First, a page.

Does 'Bleach' Hurt or Help Live-Action Anime Adaptations?

Bleach's live-action adaptation is one of the best anime-to-film interpretations released in the last few years, perhaps ever. If future live-action adaptations strongly represent their series while delivering a standalone story like this, fans won't have anything to worry about.

Live-action anime adaptations usually don't get positive responses from fans because of necessary limits cutting out important story beats in order to adapt as much as possible. But Bleach dances around this problem with grace.

There is a successful way to adapt anime and manga, and Bleach's solution to this problem will help everything other adaptation going forward as well.

As with adapting all fiction to another medium, sacrifices or changes are made that does more often result in an adaptation losing the spirit of the original. Fans often point to Death Note (2017), Fullmetal Alchemist (2017), and Dragon Ball Evolution (2009), as examples of this.

In Shinsuke Sato's Bleach, the film loosely adapts the Substitute Shinigami arc of Tite Kubo's original series. The term "loosely" might scare you a bit here, but don't worry. In this film, the necessary story beats of the arc are all represented in some fashion. Characters you'd expect to be here are here, and there are no significant changes to the character's personality or origins.

Yet, the big change is how loosely its willing to adapt the original in order to successfully make creative changes to make the series work better as a film. It never feels tied down by some sort of unwillingness to change too much. For example, the Grand Fisher hollow is treated like a much bigger deal in the film than the original series.

In Tite Kubo's manga, the Grand Fisher is directly tied to a moment in Ichigo's past and he overcomes it quite easily. It's sort of like an entry-level boss to the much stronger Menos Grande introduced at the end of the Substitute Shinigami arc. But in the film, Grand Fisher is given a much more appropriate role as a villain for Ichigo.

Director Sato took the core of the Grand Fisher hollow story, and treated it with a proper amount of emotional depth overcoming such a foe deserves. In fact in this area, it's even more successful than the original as the emotional weight of such a foe reverberates through the rest of the film's story. It gives the film a strong narrative foundation to build upon.

In this one change, the film ends up feeling like its own standalone project and it's easier to stop directly comparing to the original series. When you stop comparing an adaptation to the original series, that's when you know it's successful. Adaptations aren't meant to just be re-tellings of stories, but instead discover what hooked fans to the original in the first place.

Director Sato has had experience adapting anime and manga into film, with admittedly mixed results. His take on Hiroya Oku's Gantz and Hiro Arikawa and Sukumo Adabana's Library Wars fare better than his attempt at sequels for the two. His experience shines here as well as his deft hand leaves the best of Bleach, while removing some of its weaker elements.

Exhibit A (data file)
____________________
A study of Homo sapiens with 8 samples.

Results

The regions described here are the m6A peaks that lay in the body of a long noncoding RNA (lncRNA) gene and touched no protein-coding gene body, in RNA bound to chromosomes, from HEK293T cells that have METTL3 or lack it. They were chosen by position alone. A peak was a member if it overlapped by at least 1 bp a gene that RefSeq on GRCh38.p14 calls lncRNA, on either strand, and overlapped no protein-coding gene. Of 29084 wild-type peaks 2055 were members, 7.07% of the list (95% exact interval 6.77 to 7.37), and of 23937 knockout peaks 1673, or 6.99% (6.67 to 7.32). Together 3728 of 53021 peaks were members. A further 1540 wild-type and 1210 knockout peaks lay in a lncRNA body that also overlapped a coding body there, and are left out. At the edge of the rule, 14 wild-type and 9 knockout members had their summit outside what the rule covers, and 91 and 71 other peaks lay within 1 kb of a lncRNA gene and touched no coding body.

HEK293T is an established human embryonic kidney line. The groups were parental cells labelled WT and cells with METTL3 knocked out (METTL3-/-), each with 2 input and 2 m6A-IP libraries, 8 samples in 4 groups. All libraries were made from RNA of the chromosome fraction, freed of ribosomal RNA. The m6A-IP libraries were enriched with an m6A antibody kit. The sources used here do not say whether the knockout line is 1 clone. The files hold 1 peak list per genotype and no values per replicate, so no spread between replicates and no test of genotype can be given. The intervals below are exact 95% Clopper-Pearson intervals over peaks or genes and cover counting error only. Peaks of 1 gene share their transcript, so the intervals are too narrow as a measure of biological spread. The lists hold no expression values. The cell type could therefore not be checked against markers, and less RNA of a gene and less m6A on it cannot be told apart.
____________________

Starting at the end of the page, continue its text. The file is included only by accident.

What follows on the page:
Though it's not perfect in what it chooses to adapt or characters brought to the film, Sato makes sure that everything here feels like his Bleach. Characters are translated to the screen fantastically, with every actor involved (Sota Fukushi's Ichigo and Hana Sugisaki's Rukia, especially) putting out great performances because there is a strong well to draw from.

Even Bleach's more ridiculous elements such as the Zanpakuto and Hollow fare better in the film, because Ichigo's struggle just feels more "real." But there's also a proper element of fun that the series had too, even when it was at its darkest or most intense. It's represented well here too as the swordplay is much better than it ever was in the series thanks to Sato's emphasis of the physical weight and space of Ichigo's massive blade.

Does Bleach's live-action film help or hurt live-action anime adaptations? It absolutely helps because it shows that these adaptations can work as long as the director and team handling the film have a deep understanding of the underlying elements of the series.

Fans don't necessarily respond to a manga or anime series because of any one element, but rather how those elements coming together makes them feel. If an adaptation can understand why the original narrative resonates with fans, then it can still reproduce those feelings even with a newer take on that story. But if not, it's gonna hurt.

For those unfamiliar with Tite Kubo's Bleach, the series follows the young delinquent Ichigo Kurosaki, who had the ability to see spirits. He soon obtains the power of a Soul Reaper - one meant to usher lost souls to the afterlife - and now has the duty to defend the living world from monstrous dark spirits known as Hollows.


The original manga was serialized in Shueisha's Weekly Shonen Jump from 2001 to 2016, and was collected into 74 volumes. It has been adapted into English thanks to VIZ Media, and has sold over 900 million copies in Japan. The series was adapted into an anime by Studio Pierrot from 2004 to 2012, and has four feature-length animations, rock musicals, video games, and a ton of other merchandise. The English language broadcast premiered on Cartoon Network's Adult Swim block in 2006, and you currently find the Japanese and English language versions now streaming on Hulu.

The movie adapts the first arc of the series, the "Substitute Shinigami" arc. Early reactions to the film have been positive overall, and cast of the film includes Sota Fukushi as Ichigo Kurosaki and Hana Sugisaki as Rukia Kuchiki, MIYAVI as Byakuya Kuchiki, Ryou Yoshizawa, as Uryuu Ishida, Taichi Saotome as Renji Abarai, Erina Mano as Orihime Inoue, Tomo Koyanagi as Chad Yasutora, Yosuke Egochi as Isshin Kurosaki, Masami Nagasawa as Masaki Kurosaki, and Seiichi Tanabe as Keisuke Urahara.